Have you ever found yourself, Scroogishly, dismissing “A Christmas Carol” as just a little too sentimental, a little too familiar? If so, you may find this year’s holiday season shaking things up in both form and function.
That’s because, for pandemic safety reasons, many theater companies are offering one-man adaptations – and the image of a man alone in a room confronting himself has special resonance in late 2020.
In Portland Stage Company’s production, Joel Leffert adapts and stars in a production that might just revive both the terror and redemption of the well-weathered parable. PSC’s “A Christmas Carol,” directed by Anita Stewart and with live Foley effects by Nancy Nichols, runs live on stage through Dec. 24 and streams online through Jan. 10 (to review, I watched the show online).
Our tale begins as Leffert, nicely done up in Victorian vest and coat, strikes a match, lights a candle, and elongates his face over it ghoulishly – the timeless facial announcement of a scary story. The stage he occupies is dim and wide open, bare but for a few spare furnishings that emerge from the dark as the lights change. Behind him is a low London skyline against the theater’s low-lit brick back wall, and downstage are an array of candles and old books. The stage looks set for something ritualistic and primal, something that takes place more than anywhere else, perhaps, within the hero’s consciousness.
Pre-heroic Scrooge is a horrible person, of course, and one of the pleasures of this adaptation is that we hear so much about him from our keen-witted narrator. Charles Dickens’ prose is deliciously rich in edges, music, and winking ironies, and it cuts to the bone particularly when it comes to human nature.
Thus we can delight in hearing Scrooge described as “a squeezing, wrenching, grasping, scraping, clutching, covetous old sinner,” and “as secret and self-contained and solitary as an oyster.” And in another great bit of narration, as Scrooge returns home from the office on that fateful night: “It was dark. But darkness is cheap, and Scrooge liked it.” Ha! Some of us may have forgotten that Dickens not only provides a moral vision of empathy and charity: Dickens is also funny.
Leffert lights up those little moments of comedy in a remarkable performance that shifts continually between roles and moods. Moving between the myriad characters of “A Christmas Carol” is a lot to ask of one actor, and I can only imagine how painful it might be to watch in the hands of someone of lesser skills.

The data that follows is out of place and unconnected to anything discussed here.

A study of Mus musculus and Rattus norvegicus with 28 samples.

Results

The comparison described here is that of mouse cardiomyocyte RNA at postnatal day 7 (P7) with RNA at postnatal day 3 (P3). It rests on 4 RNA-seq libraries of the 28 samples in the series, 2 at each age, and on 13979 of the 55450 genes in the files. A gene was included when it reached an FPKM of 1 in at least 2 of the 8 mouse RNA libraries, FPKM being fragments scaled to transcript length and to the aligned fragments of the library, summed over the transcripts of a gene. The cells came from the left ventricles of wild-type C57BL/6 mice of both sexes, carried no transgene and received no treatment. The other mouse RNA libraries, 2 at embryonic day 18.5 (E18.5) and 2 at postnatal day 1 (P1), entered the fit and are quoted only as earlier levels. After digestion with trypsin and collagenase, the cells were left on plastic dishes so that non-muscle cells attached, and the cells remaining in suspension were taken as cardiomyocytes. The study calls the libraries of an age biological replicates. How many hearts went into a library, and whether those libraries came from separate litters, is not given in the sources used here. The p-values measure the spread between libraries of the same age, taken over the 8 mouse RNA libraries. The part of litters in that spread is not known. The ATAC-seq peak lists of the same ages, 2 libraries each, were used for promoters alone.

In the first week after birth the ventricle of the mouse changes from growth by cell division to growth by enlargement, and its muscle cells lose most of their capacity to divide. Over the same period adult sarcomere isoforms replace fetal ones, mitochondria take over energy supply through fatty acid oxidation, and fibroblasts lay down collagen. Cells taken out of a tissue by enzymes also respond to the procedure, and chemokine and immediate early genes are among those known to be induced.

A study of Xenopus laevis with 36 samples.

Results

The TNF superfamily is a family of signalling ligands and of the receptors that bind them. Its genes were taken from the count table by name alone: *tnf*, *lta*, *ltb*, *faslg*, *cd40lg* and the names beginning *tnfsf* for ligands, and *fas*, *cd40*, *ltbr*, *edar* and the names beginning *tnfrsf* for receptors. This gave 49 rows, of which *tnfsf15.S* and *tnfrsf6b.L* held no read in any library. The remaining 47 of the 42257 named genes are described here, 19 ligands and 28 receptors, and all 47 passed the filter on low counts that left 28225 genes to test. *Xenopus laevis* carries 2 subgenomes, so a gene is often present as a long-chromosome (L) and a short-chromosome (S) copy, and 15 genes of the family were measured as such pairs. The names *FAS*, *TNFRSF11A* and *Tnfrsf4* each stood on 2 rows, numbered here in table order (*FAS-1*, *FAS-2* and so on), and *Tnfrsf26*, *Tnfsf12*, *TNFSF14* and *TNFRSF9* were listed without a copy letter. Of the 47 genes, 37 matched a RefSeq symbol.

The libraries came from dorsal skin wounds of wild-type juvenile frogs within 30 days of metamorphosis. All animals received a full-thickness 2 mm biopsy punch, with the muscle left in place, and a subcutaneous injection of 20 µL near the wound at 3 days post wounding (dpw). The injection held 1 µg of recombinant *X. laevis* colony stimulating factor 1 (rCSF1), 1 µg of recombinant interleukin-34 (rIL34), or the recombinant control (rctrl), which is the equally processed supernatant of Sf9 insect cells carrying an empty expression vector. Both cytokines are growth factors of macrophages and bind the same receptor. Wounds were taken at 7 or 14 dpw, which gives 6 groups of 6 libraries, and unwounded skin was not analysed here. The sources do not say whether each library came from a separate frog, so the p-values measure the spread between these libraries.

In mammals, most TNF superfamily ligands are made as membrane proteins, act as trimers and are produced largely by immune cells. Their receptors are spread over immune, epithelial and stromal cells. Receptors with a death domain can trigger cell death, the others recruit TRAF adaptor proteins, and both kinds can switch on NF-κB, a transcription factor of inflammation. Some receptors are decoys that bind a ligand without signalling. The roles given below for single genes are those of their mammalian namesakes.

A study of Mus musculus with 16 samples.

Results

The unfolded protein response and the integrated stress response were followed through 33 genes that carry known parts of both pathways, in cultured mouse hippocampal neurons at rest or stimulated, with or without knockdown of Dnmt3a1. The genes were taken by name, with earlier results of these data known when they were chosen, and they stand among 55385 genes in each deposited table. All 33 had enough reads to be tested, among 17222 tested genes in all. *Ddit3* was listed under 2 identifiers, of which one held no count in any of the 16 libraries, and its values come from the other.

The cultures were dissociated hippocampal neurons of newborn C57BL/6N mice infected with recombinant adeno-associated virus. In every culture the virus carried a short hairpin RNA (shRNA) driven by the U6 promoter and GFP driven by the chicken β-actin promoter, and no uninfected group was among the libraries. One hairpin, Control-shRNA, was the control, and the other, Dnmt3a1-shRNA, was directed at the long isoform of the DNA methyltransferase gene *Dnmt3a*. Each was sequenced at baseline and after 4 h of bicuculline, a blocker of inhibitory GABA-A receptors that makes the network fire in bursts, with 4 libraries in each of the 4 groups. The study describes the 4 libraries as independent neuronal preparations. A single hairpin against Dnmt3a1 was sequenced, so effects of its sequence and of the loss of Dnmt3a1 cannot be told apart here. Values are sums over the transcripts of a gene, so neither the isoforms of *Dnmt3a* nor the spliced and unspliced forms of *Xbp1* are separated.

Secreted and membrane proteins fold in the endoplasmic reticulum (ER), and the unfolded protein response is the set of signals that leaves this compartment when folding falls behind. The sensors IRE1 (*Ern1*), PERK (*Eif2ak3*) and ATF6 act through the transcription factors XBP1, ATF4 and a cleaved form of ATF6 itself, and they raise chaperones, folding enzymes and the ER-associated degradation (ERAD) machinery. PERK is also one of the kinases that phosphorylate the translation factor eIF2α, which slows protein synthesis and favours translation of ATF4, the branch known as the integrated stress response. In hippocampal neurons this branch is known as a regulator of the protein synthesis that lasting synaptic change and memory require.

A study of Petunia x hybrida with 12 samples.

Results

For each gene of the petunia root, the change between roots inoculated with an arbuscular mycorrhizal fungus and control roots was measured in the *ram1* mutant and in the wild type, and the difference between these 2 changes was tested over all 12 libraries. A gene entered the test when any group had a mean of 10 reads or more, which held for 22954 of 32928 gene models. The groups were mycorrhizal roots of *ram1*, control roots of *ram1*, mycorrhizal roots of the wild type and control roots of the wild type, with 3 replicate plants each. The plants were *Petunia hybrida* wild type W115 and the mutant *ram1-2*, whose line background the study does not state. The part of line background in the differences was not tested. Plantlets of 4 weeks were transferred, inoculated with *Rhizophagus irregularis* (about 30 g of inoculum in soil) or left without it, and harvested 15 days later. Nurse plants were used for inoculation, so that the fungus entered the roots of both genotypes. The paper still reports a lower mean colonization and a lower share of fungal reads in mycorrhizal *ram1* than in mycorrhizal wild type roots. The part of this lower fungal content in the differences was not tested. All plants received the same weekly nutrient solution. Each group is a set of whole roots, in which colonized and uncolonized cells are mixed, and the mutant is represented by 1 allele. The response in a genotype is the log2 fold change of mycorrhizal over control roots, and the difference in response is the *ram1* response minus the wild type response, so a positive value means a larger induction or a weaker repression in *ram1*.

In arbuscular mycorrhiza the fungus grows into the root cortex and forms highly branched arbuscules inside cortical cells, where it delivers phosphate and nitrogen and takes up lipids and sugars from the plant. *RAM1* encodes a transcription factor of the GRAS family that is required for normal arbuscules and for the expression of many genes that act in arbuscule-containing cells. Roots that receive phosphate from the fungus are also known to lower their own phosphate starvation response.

But Leffert is a master – deft, fleet, and protean. He’s also assured enough in his gifts that he doesn’t need to show character changes by constantly jerking his body and craning his neck back and forth between, say, Fred and Uncle Scrooge sparring over the merits of Christmas.
On the contrary, Leffert’s performance is marvelously fluid, with the various characters animating him from within, rather than as positions to scuttle between on the stage. The various characters’ postures, gestures, and voices slip in and out of Leffert as if the story itself were a river moving through him – now Scrooge’s cold-stiffened hunch and growl; now Fred with his chest and voice lifted as if buoyed by his heart – and it’s a pleasure to be carried along.
This difficult but technologically simple work is echoed and enriched by the show’s other theatrical components: Nichols at the Foley table contributes ratchety door creaks and clanking chains; elemental lighting helps shift between characters and moods. All the candles light up at once as Scrooge looks into the festive past of Fezziwig’s party; a spooky green light illuminates Leffert as Marley’s contorted face on a door knocker.
And the fact that all of this is enacted on a dim, near-bare stage gives the story an almost Jungian quality, as if these terrifying spirits and their reproaches all emerge out of the dark of the man himself – perhaps the scariest kind of ghost story. We might miss, just a little, the sight of a huge, unearthly Ghost of Christmas Future in its cloak. But it’s in some ways more unnerving to watch the face of a man encountering it.
“A Christmas Carol” is a tale about life and death, after all, as 2020 gives us ample reason to remember. And Portland Stage Company’s fine production strips it down to its crucial essence.
And it should be familiar. “God bless us, everyone,” goes the show’s famous crowning line, and this year has brought us all new clarity about that sentiment – and about the truth that we can’t save ourselves without saving each other.
Megan Grumbling is a writer, editor, and teacher who lives in Portland. Find her at megangrumbling.com.